Success in educational exams is based almost exclusively on giving the right answers. The ten-year-old who says the answer to 2+2 is “5” or that “surprise” is spelled “serprize” or that Columbus landed in the new world “in 1940” almost certainly needs additional tutoring rather than a promotion.
But I wish I were in the classroom again. Because we educators rarely appreciate the value of intelligent questions. And yet, the more we know about any subject, the more penetrating and numerous our questions become. I would love to construct a test in which I asked students to pose as many questions as they could about a specific subject. My guess is that one would be able to evaluate who knew as much by the questions alone as one could by the answers.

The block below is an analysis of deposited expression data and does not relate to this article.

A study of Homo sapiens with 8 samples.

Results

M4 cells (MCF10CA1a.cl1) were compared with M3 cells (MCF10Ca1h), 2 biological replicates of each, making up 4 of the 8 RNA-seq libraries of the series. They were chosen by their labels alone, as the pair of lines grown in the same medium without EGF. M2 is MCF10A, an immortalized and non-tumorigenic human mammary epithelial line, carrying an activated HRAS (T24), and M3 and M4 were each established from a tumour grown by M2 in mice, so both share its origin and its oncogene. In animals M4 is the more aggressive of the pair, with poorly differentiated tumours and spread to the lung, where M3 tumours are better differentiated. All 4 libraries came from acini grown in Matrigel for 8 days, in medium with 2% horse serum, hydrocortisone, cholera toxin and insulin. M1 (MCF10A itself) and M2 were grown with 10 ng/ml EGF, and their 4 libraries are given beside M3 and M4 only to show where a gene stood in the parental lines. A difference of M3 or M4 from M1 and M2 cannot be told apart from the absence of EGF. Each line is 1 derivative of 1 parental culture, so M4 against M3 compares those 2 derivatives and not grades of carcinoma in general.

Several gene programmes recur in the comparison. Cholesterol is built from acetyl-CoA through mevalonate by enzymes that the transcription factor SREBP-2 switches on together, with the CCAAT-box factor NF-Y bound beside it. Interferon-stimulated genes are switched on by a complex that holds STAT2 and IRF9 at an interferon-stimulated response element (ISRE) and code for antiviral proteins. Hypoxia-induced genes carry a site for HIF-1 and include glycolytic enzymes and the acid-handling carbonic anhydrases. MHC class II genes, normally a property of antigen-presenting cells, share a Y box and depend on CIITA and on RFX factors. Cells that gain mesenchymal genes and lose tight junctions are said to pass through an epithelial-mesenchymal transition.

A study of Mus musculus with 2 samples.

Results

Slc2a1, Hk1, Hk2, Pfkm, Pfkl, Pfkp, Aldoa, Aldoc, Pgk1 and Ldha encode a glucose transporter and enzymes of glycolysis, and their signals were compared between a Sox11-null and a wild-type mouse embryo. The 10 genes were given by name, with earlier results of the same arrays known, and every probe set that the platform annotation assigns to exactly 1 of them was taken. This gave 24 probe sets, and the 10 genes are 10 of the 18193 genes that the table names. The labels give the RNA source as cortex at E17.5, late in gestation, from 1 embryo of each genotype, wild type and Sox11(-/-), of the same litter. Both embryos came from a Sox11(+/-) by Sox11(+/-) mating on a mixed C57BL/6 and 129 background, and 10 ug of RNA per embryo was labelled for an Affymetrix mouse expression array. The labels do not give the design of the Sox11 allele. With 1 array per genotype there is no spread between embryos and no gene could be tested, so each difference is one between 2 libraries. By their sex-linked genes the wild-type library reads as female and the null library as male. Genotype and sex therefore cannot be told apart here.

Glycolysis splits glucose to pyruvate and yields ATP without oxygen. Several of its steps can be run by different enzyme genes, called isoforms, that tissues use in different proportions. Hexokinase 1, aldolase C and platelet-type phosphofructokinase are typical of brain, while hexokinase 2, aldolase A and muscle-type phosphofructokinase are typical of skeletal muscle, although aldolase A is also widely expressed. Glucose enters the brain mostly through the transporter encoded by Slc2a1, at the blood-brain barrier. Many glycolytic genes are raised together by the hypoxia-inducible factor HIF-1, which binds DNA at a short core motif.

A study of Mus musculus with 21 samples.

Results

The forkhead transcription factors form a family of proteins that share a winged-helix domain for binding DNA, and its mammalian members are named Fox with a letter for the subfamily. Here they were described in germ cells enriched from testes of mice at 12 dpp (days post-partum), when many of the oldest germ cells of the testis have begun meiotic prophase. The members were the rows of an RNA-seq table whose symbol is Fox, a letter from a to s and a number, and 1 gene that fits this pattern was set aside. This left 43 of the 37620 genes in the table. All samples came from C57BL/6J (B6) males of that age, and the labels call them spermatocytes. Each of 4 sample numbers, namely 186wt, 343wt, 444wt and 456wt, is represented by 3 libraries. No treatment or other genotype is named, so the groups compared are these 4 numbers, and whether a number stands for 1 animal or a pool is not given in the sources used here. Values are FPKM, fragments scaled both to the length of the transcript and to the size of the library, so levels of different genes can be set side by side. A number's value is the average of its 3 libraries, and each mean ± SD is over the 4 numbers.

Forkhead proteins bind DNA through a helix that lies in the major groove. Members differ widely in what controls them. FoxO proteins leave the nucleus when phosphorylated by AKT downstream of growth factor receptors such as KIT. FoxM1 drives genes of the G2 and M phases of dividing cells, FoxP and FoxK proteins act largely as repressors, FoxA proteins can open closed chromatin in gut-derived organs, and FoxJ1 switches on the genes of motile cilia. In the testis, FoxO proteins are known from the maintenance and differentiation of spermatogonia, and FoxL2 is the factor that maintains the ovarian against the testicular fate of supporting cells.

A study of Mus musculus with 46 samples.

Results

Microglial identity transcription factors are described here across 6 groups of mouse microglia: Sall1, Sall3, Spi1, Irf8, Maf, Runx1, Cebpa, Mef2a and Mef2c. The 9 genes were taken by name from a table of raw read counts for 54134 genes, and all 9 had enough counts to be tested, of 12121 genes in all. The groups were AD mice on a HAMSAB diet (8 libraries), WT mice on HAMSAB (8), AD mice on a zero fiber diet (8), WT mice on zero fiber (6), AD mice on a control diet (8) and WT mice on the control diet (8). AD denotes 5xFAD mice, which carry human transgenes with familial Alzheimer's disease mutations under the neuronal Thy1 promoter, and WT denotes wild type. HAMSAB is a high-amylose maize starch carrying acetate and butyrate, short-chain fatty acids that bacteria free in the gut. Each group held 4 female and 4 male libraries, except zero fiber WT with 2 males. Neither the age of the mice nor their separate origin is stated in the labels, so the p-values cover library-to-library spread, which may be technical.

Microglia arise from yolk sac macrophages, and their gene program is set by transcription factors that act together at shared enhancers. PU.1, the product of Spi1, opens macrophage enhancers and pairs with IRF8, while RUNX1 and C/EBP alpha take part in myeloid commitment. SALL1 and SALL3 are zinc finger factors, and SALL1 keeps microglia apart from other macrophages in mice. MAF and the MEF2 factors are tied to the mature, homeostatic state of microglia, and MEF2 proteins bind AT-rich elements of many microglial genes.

For instance, suppose one is asked to pose questions about quantum mechanics. How do questions like: Is it about machines? Isn’t it part of Einstein’s theory of relativity? Is it a theory about space travel? compare with questions like: In what way is the Standard Theory related to Quantum Mechanics? Why did Einstein reject the Heisenberg’s Uncertainty Principle? How does the Higgs Boson explain mass?
Or in relation to cooking, a field with which many of us may be more familiar, how do questions like: Why is this pastry so tough? How long does it take to cook dried kidney beans? How do you cook a fish? compare with What other ingredients besides eggs can be used as thickeners? Are there other ingredients besides yeast one can use to make bread rise? Why will some meats become tough if they are over-cooked, while others are tough if they are under-cooked?
I’ve learned not to trust either myself or other people in areas where they have more answers than questions. That includes everything from religion, philosophy, physics, math, computers, and psychology to sewing, cleaning, building construction, finances, and lawn-mowing.
You have to know what you’re talking about to ask really intelligent questions.
But now I have to go out and mow the lawn.
Whether I know what I’m doing or not.